You’ve probably heard that listening to music, specifically Mozart’s music, makes young children smarter. Obviously, this statement isn’t quite on-target, but there might be some substance to the idea that music positively affects children’s brain development. Two recent research studies on the topic of music in child development give us some helpful information that spans the spectrum of professional thought on the subject. So even though that “Young Mozart” CD won’t make your child more intelligent, you might want to hang onto it for other reasons.
In a study conducted by psychologists at Canadian and Japanese universities, two experiments showed that the effects of music on “intelligence” are really due to individuals’ emotional reactions. Mood and arousal, the two components of emotion, are directly influenced by music – rhythm and other factors determine the degree of arousal, or engagement, as well as the positive or negative quality of a person’s mood. For example, the first experiment with adults showed that the auditory stimulus of hearing a story had the same positive impact on an IQ subtest as listening to classical music (Mozart and Albinoni). The subjects were similarly affected by both music and stories, implying that a heightened level of engagement and elevated mood were the factors behind their increased cognitive ability.
The second experiment in this study analyzed 5-year-old Japanese children’s drawing abilities for temporal length of engagement, creativity, energy, and technical proficiency, comparing children who listened to Mozart and Albinoni to a different group that listened to children’s songs. The group that heard children’s songs was judged to be superior in drawing ability, demonstrating that engagement and mood were the determining factors in drawing success.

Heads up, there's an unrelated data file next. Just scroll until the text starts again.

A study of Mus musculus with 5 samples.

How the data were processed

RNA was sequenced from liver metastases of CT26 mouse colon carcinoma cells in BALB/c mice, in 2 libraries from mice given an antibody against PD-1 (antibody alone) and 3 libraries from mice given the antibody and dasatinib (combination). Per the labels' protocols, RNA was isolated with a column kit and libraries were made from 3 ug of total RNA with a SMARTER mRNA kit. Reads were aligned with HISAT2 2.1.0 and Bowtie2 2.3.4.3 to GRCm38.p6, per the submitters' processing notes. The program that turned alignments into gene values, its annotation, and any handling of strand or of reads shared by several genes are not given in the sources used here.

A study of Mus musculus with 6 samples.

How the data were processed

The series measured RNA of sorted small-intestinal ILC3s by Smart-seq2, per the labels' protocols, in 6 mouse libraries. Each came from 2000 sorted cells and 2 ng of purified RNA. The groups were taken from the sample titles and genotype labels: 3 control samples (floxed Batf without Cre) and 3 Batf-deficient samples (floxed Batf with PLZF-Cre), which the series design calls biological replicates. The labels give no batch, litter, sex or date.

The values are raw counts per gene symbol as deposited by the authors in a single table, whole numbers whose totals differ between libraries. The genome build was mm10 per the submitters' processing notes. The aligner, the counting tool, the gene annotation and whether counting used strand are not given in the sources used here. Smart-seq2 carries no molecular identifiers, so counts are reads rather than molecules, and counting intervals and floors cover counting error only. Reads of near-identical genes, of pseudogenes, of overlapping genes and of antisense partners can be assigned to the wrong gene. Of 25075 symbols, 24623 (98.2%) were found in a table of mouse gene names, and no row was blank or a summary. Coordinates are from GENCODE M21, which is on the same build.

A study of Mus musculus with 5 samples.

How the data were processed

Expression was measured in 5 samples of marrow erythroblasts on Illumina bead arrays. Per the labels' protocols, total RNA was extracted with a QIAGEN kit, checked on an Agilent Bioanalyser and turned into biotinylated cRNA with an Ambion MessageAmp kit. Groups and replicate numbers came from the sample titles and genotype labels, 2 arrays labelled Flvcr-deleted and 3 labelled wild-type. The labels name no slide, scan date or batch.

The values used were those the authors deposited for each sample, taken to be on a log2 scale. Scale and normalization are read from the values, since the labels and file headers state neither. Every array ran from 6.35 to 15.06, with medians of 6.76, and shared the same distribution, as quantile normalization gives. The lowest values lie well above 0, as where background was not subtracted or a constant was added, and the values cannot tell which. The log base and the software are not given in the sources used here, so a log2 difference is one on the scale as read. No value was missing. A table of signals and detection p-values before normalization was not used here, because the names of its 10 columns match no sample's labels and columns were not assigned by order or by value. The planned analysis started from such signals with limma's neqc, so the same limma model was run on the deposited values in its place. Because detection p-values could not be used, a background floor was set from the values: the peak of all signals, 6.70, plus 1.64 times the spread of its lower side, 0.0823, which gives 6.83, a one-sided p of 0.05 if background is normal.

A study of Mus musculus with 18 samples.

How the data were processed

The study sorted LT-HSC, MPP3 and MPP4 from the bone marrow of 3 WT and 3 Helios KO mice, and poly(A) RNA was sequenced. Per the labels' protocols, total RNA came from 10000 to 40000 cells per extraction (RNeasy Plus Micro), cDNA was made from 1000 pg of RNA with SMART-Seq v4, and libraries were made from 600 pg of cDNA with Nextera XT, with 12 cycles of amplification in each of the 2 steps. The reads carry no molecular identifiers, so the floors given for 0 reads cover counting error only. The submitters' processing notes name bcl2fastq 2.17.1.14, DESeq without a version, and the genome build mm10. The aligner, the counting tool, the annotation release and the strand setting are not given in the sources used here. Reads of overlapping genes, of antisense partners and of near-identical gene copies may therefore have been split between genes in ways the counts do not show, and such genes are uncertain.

Depending on your child’s age, he or she may be more responsive to a positive stimulus that’s more similar to children’s songs or stories than classical music. However, any music with an upbeat rhythm and major tonality tends to elevate mood and aid concentration.
Musical Training and Neuroplasticity
This study showed that after fifteen months of training on a musical instrument, children’s neuroplasticity increased significantly. In other words, musical training positively affected their brains’ ability to adapt to environmental conditions and stimuli. Specifically, these children’s motor abilities and auditory melodic and rhythmic discrimination skills improved noticeably as compared to those of children who did not receive musical instruction. The researchers who conducted the study judged that early musical training could effectively predict adult expertise – and not just in music. By increasing the brain’s plasticity at a young age, it was found that the brain could more readily adapt to changes throughout life, enabling trained individuals to develop expertise.
According to this study, it’s not enough to simply have your child listen to music. Interactive lessons are necessary to obtain increased neuroplasticity; however, having your child listen to upbeat music may improve cognitive ability. With a combination of both, you’ll be sure to give your child the best intellectual opportunities and encourage healthy development.